Boating can be a year-round pastime for many Texans, but just as temperatures vary greatly from one season to the next, the way you should deal with the threat of zebra mussels in different seasons varies as well.
An advisory from the Texas Parks and Wildlife Department (TPWD) notes that cooler temperatures actually help to sustain zebra mussels.
“In fall and winter, cooler temperatures mean boaters must be especially vigilant to protect our lakes,” the TPWD advisory noted. “Invasive mussels transported on boats can survive much longer out of water when weather conditions are cold and humid versus hot and dry.”
Boats that have been in a reservoir or area known to be contaminated with zebra mussels are required to be decontaminated and inspected and must be allowed to completely dry before the boats can be used elsewhere. Reservoirs in the Brazos River basin where zebra mussels have been found include Lake Waco, Lake Belton, and Stillhouse Hollow Lake.
How much longer does it take a boat to dry out in the winter? The answer may surprise you.
“During mid-summer, at temperatures above 80 (degrees Fahrenheit), a boat may take only five days to dry after decontamination, but when temperatures start to cool down, dry times need to be extended. At 40 (degrees Fahrenheit) or cooler, a 30-day dry time is recommended.”
Texas law requires that boats, trailers and gear be completely drained once exiting a waterway. All water must also be drained from the boat, including the motor, bilge, live wells and bait buckets. If it is not possible to allow the boat to dry for 30 days, then the boat must be washed with a high-pressure washer with hot, soapy water at a temperature of at least 140 degrees.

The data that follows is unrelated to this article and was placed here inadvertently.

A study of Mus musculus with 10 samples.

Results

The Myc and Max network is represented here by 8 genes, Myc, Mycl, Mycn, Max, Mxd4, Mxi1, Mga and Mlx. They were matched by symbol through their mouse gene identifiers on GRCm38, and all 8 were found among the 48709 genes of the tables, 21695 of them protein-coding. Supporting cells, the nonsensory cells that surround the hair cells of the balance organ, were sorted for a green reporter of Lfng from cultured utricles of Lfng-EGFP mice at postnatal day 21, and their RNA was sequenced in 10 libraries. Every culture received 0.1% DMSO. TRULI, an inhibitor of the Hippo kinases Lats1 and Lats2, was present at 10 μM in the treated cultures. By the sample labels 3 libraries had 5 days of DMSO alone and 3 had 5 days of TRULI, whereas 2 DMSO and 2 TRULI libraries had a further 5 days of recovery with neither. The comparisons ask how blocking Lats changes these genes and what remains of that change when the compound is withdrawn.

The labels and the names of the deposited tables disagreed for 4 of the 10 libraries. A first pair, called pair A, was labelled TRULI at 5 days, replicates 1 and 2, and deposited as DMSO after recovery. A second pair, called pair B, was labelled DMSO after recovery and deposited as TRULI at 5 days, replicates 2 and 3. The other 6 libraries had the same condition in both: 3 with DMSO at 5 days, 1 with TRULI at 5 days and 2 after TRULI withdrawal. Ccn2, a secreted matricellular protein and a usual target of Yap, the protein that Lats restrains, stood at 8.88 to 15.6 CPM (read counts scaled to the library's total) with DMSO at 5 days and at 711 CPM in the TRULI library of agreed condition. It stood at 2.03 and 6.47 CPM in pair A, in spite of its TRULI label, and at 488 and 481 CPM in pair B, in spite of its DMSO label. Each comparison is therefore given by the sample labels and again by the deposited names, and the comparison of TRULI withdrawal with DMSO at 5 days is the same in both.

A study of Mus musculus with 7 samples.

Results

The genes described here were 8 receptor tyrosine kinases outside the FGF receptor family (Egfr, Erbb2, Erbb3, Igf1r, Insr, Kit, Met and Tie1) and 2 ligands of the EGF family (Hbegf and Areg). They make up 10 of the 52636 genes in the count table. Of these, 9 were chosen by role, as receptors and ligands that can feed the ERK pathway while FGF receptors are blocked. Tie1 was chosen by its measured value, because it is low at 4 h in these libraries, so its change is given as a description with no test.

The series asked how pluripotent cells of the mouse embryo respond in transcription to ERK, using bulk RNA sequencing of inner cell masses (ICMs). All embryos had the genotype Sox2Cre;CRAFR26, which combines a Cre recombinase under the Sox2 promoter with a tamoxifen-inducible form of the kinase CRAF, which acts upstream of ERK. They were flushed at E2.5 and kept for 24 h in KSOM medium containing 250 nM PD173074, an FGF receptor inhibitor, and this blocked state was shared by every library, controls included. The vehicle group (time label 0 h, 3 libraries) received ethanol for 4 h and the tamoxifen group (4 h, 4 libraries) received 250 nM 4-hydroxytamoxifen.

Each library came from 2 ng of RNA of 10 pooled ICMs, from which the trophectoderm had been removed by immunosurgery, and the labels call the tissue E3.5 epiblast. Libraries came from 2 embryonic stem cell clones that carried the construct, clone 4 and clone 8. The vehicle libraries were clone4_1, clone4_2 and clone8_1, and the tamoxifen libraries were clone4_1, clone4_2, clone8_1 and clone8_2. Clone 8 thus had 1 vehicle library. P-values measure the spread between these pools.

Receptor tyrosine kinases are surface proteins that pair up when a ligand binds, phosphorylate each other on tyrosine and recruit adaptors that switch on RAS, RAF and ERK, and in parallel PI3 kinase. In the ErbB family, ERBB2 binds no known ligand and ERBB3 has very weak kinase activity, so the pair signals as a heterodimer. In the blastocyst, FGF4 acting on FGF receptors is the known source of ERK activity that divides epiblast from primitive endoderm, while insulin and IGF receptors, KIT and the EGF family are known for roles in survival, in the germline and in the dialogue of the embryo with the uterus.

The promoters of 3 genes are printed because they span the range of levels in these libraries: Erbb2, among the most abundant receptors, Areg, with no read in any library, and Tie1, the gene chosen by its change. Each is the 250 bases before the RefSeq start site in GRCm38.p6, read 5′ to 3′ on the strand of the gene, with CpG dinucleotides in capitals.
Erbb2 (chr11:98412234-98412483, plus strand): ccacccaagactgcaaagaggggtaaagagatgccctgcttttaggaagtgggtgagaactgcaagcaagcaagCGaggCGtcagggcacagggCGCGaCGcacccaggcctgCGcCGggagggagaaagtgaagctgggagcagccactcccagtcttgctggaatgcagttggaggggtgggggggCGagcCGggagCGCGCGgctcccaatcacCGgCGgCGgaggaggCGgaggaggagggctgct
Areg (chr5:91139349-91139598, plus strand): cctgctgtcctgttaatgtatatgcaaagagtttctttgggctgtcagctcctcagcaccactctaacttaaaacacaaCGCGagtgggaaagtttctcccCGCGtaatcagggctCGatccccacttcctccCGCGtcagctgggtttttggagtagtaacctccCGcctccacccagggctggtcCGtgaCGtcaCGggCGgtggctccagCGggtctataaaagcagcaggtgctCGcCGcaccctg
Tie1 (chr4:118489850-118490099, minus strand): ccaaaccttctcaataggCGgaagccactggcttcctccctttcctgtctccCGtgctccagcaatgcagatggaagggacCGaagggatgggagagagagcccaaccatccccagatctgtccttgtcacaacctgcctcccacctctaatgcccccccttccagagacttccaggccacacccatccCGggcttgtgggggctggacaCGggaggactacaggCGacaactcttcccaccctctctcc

So, why is draining and drying so important? Zebra mussels are small (only about 1.5 inches wide), one of them can produce up to one million microscopic larvae. These larvae, according to TPWD, “are invisible to the naked eye. They can survive for days in water trapped in a boat. The only way to be sure you’re not carrying water is to always clean, drain and dry your boat, trailer and gear.”
The damage done by these tiny and unwanted invaders is substantial.
“Zebra mussels can cause tremendous environmental and economic damage – hurting aquatic life, damaging your boat, hindering water recreation and even threatening your water supply.”
Beyond protecting your property and our state reservoirs/water supply, making sure your boat and equipment is free of zebra mussels can save you from breaking the law and paying a big fine.
TPWD notes that “possession or transportation of zebra mussels in Texas is a Class C misdemeanor for the first offense, punishable by a fine of up to $500. For repeat offenses, the crime is a Class B misdemeanor with a fine of up to $2,000 and a sentence of up to 180 days in jail. The law applies to all types and sizes of boats.
More information on zebra mussels and how to protect your property can be found here.
Photos for this article were provided courtesy of the Texas Parks and Wildlife Department.